8.45 Pregnancy of a Child

Added July 2020

Date of next review July 2022

This section should be read in conjunction with Pre-Birth Conference  and Concealed Pregnancy and Sexually active children  




All professionals have a responsibility to consider the welfare of both the prospective mother and her baby, any assessment of need should address what support systems exist for the young woman and her family and should consider early help and support services, particularly where the mother is a looked after child or care leaver herself. However, the paramount concern must be for the welfare of the baby, and there should be no circumstances in which concerns about the baby are not shared and investigated for fear of damaging a relationship with a young parent.


 Where a parent is herself a child, in the absence of support for her needs and responsibilities, her baby could be at risk of significant harm, primarily through neglect or emotional abuse


Where there are concerns about the ability of any young mother to care for her baby without additional support, a referral must also be made to Children's Services -Making a referral  

Mother under 16 years of age


It is illegal for children under 16 years to be sexually active; professionals will assess whether the young person’s actions and decision making are Gillick competent and whether to involve safeguarding partners. Please refer to Sexually Active Children Policy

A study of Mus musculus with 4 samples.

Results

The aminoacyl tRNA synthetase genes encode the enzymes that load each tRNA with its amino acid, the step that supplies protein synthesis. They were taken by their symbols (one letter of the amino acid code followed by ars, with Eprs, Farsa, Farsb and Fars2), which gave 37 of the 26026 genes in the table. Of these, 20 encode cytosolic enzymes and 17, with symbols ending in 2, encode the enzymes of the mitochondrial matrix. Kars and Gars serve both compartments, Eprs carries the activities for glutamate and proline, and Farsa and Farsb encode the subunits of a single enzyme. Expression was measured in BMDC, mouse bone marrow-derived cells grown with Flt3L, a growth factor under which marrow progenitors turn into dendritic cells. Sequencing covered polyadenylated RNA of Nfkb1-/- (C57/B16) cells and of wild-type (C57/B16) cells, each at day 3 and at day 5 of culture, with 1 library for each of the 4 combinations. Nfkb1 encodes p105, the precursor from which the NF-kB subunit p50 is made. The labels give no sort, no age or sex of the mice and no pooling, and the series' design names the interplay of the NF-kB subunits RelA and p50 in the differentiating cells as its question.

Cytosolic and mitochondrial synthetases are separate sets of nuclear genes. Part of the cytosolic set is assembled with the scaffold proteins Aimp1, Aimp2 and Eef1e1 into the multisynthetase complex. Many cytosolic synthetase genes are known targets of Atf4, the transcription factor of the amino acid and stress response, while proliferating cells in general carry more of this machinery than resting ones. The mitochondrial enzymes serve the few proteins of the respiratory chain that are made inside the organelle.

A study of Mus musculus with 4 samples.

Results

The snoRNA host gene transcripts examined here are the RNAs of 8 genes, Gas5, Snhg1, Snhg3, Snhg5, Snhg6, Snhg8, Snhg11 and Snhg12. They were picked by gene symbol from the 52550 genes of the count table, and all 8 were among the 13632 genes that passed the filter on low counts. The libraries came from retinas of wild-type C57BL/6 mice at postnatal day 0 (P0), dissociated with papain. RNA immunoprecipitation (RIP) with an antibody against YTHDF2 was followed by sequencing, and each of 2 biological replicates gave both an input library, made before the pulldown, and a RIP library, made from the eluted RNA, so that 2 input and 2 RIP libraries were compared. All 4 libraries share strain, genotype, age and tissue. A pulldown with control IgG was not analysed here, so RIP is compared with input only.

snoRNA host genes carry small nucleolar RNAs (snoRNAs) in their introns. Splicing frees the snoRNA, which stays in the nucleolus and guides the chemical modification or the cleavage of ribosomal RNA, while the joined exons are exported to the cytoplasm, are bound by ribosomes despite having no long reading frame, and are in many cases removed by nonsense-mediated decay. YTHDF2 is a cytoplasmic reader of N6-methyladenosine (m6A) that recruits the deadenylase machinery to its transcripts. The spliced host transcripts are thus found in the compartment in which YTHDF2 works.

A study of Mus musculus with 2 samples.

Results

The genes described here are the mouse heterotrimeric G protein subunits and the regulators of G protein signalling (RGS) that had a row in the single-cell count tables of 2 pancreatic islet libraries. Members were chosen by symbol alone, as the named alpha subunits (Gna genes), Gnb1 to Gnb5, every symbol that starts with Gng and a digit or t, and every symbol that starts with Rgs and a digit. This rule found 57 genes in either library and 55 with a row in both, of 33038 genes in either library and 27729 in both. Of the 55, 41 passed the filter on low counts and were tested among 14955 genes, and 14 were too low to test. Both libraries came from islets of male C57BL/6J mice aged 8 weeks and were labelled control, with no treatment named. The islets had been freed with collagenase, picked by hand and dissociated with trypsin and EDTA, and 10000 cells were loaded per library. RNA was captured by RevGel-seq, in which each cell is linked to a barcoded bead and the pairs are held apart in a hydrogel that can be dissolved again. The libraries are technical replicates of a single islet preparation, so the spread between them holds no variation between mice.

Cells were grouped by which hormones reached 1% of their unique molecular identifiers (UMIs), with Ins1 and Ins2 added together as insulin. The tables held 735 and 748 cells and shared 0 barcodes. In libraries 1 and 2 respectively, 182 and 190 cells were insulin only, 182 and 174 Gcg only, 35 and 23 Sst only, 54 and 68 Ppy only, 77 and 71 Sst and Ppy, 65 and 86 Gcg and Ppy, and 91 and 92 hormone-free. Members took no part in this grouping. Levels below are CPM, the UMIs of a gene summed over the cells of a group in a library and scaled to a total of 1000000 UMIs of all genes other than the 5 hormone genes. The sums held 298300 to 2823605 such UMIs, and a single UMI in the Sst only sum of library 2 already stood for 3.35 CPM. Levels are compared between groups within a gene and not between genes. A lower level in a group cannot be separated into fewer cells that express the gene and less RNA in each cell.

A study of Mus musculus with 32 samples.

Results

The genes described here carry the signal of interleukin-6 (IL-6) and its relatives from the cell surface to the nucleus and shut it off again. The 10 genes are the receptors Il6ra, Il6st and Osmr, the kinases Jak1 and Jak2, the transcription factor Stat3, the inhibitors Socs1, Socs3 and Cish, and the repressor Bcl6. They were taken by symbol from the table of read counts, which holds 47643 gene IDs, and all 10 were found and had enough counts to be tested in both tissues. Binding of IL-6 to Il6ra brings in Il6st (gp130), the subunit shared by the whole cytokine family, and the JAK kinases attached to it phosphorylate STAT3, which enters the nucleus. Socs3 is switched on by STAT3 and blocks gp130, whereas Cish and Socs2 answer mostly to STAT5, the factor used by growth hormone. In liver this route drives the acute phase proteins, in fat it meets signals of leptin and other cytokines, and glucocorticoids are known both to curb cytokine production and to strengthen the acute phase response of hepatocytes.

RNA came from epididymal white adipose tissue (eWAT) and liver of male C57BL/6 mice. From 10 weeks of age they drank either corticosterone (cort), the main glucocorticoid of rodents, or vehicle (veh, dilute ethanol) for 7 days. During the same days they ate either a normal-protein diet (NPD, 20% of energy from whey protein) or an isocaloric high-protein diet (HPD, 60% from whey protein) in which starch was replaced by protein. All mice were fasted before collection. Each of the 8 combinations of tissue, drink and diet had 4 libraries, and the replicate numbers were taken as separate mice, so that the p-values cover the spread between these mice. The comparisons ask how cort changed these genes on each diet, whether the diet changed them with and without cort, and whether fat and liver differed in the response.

All professionals, particularly health and education staff who have most contact with pregnant teenagers, should be alert to situations where a teenage mother is not in contact with local authority children's social care and a referral should be made at the earliest opportunity.


Children's Services should undertake an assessment of the unborn child's needs and any potential risk of harm posed to them from the mother's needs and circumstances, including the mother's relationship with the father / current partner and the parenting capacity of both.

Mother over 16 years of age


If a young mother is over 16, professionals should:

  • Make an assessment of the risk of harm to the baby, consulting their agency's designated safeguarding professional as appropriate;
  • Assess the risk of harm to the mother through her relationship with the father / current partner.

If, on the basis of these assessments, a professional has concerns about the ability of a young mother over the age of 16 to care for her baby without additional support services, then a referral should be made to Children’s Services.

lscb-logo 01273 481544
wsscb-logo 0330 222 5296
bhlscb-logo 01273 292379

This page is correct as printed on Friday 7th of August 2020 04:32:59 AM please refer back to this website ( for updates.